There is at least 70 possible cases of leptospirosis under review in Guam, according to a Pacific News Center report. It appears the possible cases are linked to hikers who got lost in the Mt Schroeder area earlier this month.

Guam map Image/CIA
Guam map

A KUAM News report says at least one case has been confirmed.

Naval Hospital Spokesperson, Jennifer Zingalie said all the potential cases were stable and no one required hospitalization.

Leptospirosis is a bacterial zoonotic disease caused by the corkscrew shaped organism, Leptospira. It goes by several other names depending on the locale; mud fever, swamp fever, sugar cane and Fort Bragg fever, among others. It is a disease of both humans and animals.

The rat is the main host to Leptospira. However, other animals such as cattle, pigs, horses, dogs, rodents, and wild animals can carry the bacterium.

People become infected by direct or indirect contact with the urine of these animals. Contact with urine-contaminated water is extremely important. Contaminated food and soil containing animal urine are other potential sources of infection.

The bacterium enters through contact with skin. Especially through cuts or breaks in the skin and through mucous membranes like the eyes.

Found worldwide, it was long considered an occupational disease (miners, farming, vets, and sugarcaneharvesting and sewer workers), it is increasingly associated with recreational water sports and camping.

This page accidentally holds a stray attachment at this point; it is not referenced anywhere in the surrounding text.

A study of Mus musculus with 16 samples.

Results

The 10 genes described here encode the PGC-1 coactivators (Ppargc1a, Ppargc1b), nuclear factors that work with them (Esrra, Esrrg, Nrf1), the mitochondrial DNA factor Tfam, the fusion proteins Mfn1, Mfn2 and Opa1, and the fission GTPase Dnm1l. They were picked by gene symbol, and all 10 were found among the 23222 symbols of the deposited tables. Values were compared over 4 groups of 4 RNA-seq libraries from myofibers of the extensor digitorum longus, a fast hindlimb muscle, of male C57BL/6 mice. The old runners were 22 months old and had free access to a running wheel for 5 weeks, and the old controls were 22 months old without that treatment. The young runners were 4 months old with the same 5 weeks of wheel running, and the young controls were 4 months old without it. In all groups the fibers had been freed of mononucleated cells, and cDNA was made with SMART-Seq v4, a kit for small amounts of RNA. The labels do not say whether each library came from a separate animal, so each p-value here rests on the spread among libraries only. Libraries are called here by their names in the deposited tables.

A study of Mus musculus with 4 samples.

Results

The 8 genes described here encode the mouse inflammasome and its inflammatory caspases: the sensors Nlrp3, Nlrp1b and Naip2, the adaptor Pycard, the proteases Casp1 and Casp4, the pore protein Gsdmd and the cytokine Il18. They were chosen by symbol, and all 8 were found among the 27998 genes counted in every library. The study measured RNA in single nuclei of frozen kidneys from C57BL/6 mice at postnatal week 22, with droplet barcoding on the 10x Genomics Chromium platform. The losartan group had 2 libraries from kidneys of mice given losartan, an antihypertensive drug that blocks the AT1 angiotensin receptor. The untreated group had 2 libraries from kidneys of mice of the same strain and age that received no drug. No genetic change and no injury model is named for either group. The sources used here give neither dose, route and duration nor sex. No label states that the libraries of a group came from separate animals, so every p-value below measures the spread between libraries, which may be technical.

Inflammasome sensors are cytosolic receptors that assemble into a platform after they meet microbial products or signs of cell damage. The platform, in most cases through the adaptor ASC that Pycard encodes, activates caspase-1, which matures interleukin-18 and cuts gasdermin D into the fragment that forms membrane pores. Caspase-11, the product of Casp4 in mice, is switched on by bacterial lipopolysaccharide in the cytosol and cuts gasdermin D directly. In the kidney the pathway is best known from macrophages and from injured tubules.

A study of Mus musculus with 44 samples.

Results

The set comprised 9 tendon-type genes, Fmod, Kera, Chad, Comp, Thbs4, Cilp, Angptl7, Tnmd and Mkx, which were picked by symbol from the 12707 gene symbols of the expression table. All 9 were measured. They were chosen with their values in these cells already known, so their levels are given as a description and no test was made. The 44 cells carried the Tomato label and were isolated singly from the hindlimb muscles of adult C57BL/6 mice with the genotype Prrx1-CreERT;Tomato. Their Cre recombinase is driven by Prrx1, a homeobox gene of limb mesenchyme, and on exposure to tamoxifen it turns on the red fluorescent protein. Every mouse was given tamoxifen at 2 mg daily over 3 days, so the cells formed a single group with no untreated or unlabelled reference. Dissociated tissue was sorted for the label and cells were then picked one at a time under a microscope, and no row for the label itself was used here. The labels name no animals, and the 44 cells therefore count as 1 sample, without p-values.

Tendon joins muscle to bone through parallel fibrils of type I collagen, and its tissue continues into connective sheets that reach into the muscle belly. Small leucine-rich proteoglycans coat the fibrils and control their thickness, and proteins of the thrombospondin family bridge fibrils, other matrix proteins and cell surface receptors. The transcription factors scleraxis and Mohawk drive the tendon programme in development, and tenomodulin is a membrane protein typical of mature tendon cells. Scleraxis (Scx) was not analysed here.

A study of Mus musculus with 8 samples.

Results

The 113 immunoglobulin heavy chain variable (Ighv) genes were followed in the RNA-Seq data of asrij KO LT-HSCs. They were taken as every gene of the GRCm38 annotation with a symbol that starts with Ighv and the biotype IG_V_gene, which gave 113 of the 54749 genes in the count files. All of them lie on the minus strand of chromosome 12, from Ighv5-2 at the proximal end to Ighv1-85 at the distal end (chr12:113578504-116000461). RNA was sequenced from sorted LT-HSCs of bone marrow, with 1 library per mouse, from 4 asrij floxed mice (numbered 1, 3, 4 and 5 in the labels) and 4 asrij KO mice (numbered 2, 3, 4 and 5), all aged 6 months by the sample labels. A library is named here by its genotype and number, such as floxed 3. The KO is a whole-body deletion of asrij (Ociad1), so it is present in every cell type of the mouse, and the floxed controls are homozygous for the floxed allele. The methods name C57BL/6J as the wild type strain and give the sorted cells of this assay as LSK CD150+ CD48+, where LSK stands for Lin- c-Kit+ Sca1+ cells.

Symptoms of leptospirosis, if present,  appear in up to 4 weeks after exposure. Sometimes the person will show no symptoms or mild flu-likesymptoms.

According to the CDC, Leptospirosis may occur in two phases; after the first phase, with fever, chills, headache, muscle aches, vomiting, or diarrhea, the patient may recover for a time but become ill again. If a second phase occurs, it is more severe; the person may have kidney or liver failure (jaundice) or meningitis. This phase is also called Weil’s disease.

Leptospirosis is confirmed by laboratory testing of a blood or urine sample.

The infection can be treated with antibiotics (penicillin and doxycycline), especially if started early in the disease. For very ill patients, intensive care support and IV antibiotic may be necessary.